A survey commissioned by Visa called ‚”Connecting with the Millennials‚” in South Africa, Asia Pacific, UAE, and Russia, Gen Yers – or young adults 18-28 years of age, are turning these stereotypes on their heads. Here are five surprising truths about millennials that are guaranteed to make you tweet in an instant.

1. Gen Y Dollar Clout on the Rise

They may already have some serious Klout scores in the digital world, but Gen Y’s purchasing power is poised to wield some serious monetary clout as well. With 20 percent of higher income millennials in urban areas worth a total annual disposable income of US$907 billion, we’re talking about purchasing power equivalent to the 16th largest economy in the world. That’s more than just petty change! Nearly 30 percent of this wealth (US$ 270.7 million) resides in China, followed by Japan (US$ 174.3 million) and India (US$139 million). So it’s no surprise that many business plans these days are being written with this demographic as a prime audience.

2. Family comes First

Contrary to the wide-spread belief that Gen Y are caught up in their own lives and interests, the youth of today are extremely family-centric. Holding family values in high regard is a trait especially widespread among South African, Indian and UAE millennials. Social networking sites and access to fast information hasn’t made them forget about what really matters to them, they just like to share it on Facebook a bit more!

According to the Visa Millennials study, 78 percent of Gen Y will take their family into consideration for all major decisions. With 78 percent of these young ones determined to provide for the elders in the family, the future seems shiny. And for all those sceptics out there, here’s another news flash- over 70 percent of working young adults are already contributing an average of 14 percent of monthly income to their parents. This generation puts its money where its mouth is.

3. Sensible Savers

So, are Gen Yers are more sensible than their grandparents? Quite possibly. Living in the moment clearly does not mean living beyond one’s means for this young generation. While 73 percent of young adults view money as the ticket to enjoy life, 83 percent of millennials save every month. When it comes to managing their expenses, Gen Y is putting aside up to 32 percent of their monthly income, while 58 percent are living loan free. Amongst those that are living in Africa, Asia Pacific, Central Europe and Middle East, on average that adds up to US$363 per month. In one year that adds to US $4,351. Not bad considering it’s the equivalent of a third of their income.

4. Cash is so yesterday

When we asked Gen Y to envision the future, almost three quarters of them believed that electronic payments will displace cash and we will become a cashless society. Right now 41 percent already prefer to spend with their cards compared to only 20 percent favouring cash. South Africans, along with Koreans, are the top cards over cash adopters in the world with 61 percent of Millennials in both countries preferring to use their cards instead of cash.

They prefer cards because they don’t want to carry cash and it’s convenient for everyday purchases. It also gives them access to online shopping so they can visit their favorite blog shops or the latest fashion trends before they even arrive in-store.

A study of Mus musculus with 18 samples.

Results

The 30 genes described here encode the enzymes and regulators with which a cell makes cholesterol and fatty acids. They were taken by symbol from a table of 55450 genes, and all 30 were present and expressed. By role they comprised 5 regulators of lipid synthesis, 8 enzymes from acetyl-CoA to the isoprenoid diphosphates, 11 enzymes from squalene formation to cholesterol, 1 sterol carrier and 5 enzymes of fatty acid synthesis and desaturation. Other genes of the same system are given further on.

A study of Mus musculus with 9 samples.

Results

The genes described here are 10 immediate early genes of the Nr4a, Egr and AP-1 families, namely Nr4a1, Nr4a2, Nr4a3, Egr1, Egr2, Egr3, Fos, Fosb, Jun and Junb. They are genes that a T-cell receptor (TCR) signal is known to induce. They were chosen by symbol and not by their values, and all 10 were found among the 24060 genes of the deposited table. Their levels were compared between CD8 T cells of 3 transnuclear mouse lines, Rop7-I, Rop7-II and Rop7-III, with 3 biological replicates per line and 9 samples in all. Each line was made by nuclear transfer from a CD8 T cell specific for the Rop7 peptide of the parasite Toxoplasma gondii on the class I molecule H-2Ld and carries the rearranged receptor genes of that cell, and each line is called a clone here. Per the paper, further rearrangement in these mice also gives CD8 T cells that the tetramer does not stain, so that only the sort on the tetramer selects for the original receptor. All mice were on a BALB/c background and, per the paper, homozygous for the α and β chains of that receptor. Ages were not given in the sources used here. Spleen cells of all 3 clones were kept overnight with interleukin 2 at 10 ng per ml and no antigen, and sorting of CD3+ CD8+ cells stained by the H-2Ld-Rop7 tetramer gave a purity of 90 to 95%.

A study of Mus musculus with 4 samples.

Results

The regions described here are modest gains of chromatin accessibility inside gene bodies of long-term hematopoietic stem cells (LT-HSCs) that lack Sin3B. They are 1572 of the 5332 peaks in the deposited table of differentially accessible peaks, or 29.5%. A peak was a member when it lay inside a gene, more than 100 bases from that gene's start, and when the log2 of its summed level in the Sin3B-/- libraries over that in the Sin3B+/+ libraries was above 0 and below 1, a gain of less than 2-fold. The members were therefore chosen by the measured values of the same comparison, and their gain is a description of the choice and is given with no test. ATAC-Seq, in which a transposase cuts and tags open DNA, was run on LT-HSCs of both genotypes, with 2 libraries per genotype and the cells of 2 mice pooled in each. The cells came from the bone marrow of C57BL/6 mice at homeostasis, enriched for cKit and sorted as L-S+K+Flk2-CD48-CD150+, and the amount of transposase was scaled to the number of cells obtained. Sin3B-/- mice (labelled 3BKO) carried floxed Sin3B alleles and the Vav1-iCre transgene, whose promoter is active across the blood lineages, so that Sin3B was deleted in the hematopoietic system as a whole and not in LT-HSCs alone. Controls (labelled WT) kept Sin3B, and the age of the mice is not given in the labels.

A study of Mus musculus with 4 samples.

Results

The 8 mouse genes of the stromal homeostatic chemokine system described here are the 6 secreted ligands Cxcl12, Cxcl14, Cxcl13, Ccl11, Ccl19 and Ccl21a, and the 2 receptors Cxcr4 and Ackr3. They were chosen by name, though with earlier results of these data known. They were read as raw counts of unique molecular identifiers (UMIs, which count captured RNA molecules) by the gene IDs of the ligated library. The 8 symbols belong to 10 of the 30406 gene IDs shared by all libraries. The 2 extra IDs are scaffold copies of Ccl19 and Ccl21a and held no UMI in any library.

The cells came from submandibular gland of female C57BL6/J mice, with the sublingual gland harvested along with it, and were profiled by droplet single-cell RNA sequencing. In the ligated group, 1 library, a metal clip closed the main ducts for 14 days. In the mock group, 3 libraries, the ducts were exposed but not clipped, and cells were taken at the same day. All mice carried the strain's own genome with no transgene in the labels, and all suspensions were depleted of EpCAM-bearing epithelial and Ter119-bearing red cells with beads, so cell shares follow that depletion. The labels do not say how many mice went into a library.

Clearly this is a new generation of smart money managers with 80 percent already possessing a debit card. Electronic payments, and in particular debit, allow them to stay in control of their money but have access to their accounts at any time. Debit is a more convenient payment option as it allows them to make transactions on multiple platforms and provides the freedom to make day-to-day purchases with ease and convenience, without the hassle and worries of carrying cash.

5. Multitasking beyond 24 hours a day

This is not science fiction. Gen Yers literally eke out ‚”longer‚” days than previous generations with their multi-tasking abilities. On average, these young adults spend 4.9 hours a day multi-tasking during the weekdays and as many as 7 hours on the weekend. Multi-tasking makes their weekdays 28.9 hours long while 31 hours are clocked on the weekend. As bizarre as that sounds, this is the new reality.

What that means is that they are able to chat with friends and family on social networks, make online payments and do their homework all at the same time. Almost a third of these digital natives access social networking sites over five times a day.

So in a nutshell, these multi-tasking, financially savvy, morally responsible young adults no longer seem to be fitting into the irresponsible stereotype and is in fact putting some of the previous generations to shame! They want convenience, they want to live in the moment and they want to be able to enjoy their money – but not at the expense of their financial security. They deserve more credit as smart money managers. They like the convenience they get with their debit card, but it also helps them stay financially on track spending within their means with money they already have in their account.

While their parents still rival them when it comes to purchasing power, as more of them complete their studies and move-up the corporate ladder, they will be the demographic to watch. They want to explore the world and not be weighed down by cash. Choices are important and they like the freedom to pull out bills from their wallet or flash their card for unexpected purchases. They’re working, tweeting and ready for the next adventure!